US racehorses at risk of slaughter in Japan

War Emblem War Emblem
Ferdinand Ferdinand

The Equine Welfare Alliance in the US says animal welfare group PETA may have thwarted efforts to bring racehorses home from Japan who are at risk of being slaughtered.

“As reported on ESPN’s Outside the Lines, PETA has inserted itself into the issue of American racehorses being slaughtered in Japan,” the EWA said. “The slaughter of Kentucky Derby winner Ferdinand in 2002 brought outrage to American horse owners and was the catalyst for anti-slaughter awareness in America.”

Ferdinand, the 1986 Kentucky Derby winner and 1987 US Horse of the Year, ended up as a stallion in Japan. He was not a big stud success was killed for human consumption in 2002.

PETA revealed its undercover investigation, with footage shot in a Japanese slaughter house, at the weekend, timed to coincide with the running of the Belmont Stakes, the third leg of US racing’s Triple Crown. It focused on War Emblem and Charismatic, who are both standing at stud in Japan. Charismatic, the 1999 horse of the year, was on his way to winning the Triple Crown in 1999, when he broke his leg near the finish of the Belmont Stakes. War Emblem also won the first two races in the Triple Crown, in 2002. He was sold to Japan later that year, for $US17.7 million.

The ESPN programme reported on the two stallions, and interviewed Michael Blowen, owner and founder of Old Friends, A Kentucky Facility for Retired Thoroughbreds and Kathy Guillermo, vice-president of laboratory investigations for PETA.

Over the years, Blowen has developed an excellent relationship with key personnel in Japan that has smoothed the way for retiring these great athletes to Old Friends. He keeps a list of thoroughbreds that are nearing the end of their stud duties and has been following their stud careers for years. At the top of his list are War Emblem and Charismatic. Blowen has been in discussions for the past 18 months and developing plans with his Japanese contacts for their retirement to Old Friends.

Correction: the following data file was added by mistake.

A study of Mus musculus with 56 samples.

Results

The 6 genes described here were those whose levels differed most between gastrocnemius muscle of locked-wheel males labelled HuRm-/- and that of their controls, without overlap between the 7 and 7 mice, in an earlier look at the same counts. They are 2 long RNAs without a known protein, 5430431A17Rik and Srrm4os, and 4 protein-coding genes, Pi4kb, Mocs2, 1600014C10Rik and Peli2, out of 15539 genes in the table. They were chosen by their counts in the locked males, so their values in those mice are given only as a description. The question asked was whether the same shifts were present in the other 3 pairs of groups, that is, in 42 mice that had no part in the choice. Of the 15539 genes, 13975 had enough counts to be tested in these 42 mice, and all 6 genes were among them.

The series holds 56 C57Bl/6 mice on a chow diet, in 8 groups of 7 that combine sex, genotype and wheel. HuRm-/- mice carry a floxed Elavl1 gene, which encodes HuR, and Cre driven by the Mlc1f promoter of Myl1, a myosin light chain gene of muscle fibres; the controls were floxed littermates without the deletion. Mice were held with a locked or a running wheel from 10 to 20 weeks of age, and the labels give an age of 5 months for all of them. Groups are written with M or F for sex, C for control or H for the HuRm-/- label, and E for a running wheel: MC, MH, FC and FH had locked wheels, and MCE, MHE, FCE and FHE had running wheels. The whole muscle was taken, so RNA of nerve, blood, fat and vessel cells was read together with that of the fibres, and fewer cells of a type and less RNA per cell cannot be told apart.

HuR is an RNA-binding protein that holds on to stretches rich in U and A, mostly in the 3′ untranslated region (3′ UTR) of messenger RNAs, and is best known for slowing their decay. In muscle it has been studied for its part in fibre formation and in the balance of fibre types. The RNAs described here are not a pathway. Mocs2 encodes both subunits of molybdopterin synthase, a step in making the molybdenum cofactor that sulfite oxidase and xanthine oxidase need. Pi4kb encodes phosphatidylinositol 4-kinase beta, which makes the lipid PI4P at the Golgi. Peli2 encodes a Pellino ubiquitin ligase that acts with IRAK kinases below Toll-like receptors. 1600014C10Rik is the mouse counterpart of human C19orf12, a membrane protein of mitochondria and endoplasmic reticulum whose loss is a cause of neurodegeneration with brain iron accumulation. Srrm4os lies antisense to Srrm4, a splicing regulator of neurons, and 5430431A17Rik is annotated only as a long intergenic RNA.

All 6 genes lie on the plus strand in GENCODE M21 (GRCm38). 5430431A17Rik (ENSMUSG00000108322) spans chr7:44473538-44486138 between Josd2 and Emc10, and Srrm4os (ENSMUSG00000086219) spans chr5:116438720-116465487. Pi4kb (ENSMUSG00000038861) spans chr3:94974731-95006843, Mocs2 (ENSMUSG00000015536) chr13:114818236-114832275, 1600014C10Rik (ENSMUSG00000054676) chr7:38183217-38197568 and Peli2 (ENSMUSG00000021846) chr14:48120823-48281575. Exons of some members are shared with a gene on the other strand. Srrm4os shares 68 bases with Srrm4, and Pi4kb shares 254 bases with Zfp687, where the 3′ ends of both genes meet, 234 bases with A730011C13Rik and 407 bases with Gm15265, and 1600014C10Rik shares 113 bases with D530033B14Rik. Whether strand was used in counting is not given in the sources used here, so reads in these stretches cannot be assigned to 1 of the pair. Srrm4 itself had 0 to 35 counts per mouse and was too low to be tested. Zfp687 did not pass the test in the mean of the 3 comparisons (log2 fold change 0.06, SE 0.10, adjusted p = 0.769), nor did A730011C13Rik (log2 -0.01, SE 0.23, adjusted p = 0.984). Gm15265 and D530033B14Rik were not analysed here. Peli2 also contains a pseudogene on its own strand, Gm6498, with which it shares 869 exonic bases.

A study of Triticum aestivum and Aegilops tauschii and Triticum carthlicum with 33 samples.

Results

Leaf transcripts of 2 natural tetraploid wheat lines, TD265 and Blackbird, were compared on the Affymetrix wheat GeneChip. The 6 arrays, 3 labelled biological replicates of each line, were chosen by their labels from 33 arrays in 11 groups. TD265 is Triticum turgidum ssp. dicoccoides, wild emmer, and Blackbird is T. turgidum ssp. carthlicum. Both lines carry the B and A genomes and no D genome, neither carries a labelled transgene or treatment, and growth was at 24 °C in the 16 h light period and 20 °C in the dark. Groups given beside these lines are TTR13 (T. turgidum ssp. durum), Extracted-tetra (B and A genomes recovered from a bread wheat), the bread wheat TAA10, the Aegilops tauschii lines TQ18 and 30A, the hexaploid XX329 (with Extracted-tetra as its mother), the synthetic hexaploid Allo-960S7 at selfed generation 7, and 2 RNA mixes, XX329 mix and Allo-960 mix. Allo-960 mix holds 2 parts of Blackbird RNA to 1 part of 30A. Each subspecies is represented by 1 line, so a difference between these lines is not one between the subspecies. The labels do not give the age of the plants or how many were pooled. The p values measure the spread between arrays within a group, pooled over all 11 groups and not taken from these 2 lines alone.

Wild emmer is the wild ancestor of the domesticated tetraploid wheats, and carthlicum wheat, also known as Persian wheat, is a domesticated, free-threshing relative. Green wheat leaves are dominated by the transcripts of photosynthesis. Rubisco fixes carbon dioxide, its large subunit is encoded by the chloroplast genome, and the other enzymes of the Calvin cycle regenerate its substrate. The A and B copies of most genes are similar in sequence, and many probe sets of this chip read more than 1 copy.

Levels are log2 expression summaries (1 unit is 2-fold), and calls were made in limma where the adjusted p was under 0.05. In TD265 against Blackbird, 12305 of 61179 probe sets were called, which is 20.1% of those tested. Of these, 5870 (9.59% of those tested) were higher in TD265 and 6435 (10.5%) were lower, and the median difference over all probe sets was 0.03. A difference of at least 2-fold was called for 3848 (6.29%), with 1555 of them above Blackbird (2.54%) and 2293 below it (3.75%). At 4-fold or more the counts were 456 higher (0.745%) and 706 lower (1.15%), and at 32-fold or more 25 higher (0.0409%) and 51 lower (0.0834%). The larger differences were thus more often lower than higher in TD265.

“Despite the claims of slaughter advocates to the contrary, PETA had until now, remained out of the horse slaughter issue. But now, in true PETA fashion, the message was horrific visuals of the cruelty inherent with slaughter, however, their organization offered no assistance in bringing the athletes home,” the EWA said.

“At one point, Ms Guillermo actually challenged Blowen by saying she was not aware of anyone that was working to bring the horses home. Blowen had recently discussed just this effort on EWA’s Howling Ridge radio programme.”

Blowen’s most recent Japan rescue was Wallenda who earned $1.2 million in 33 lifetime starts on the track. Old Friends also expanded its facility from 40 acres to 92 acres last year and currently has over 40 retired athletes including Popcorn Deelites, one of the horses that portrayed Seabiscuit in the box office smash hit about the legendary California racehorse.

“I’m hoping things like PETA is doing won’t hurt our relationship with the Japanese,” Blowen said, asking the extremist animal rights group, “Are you just going to keep showing footage of horses in excruciating painful situations or are you going to try to build a relationship with the people that actually own these horses, that actually control them – to find a place for them and work really, really hard to bring them home?”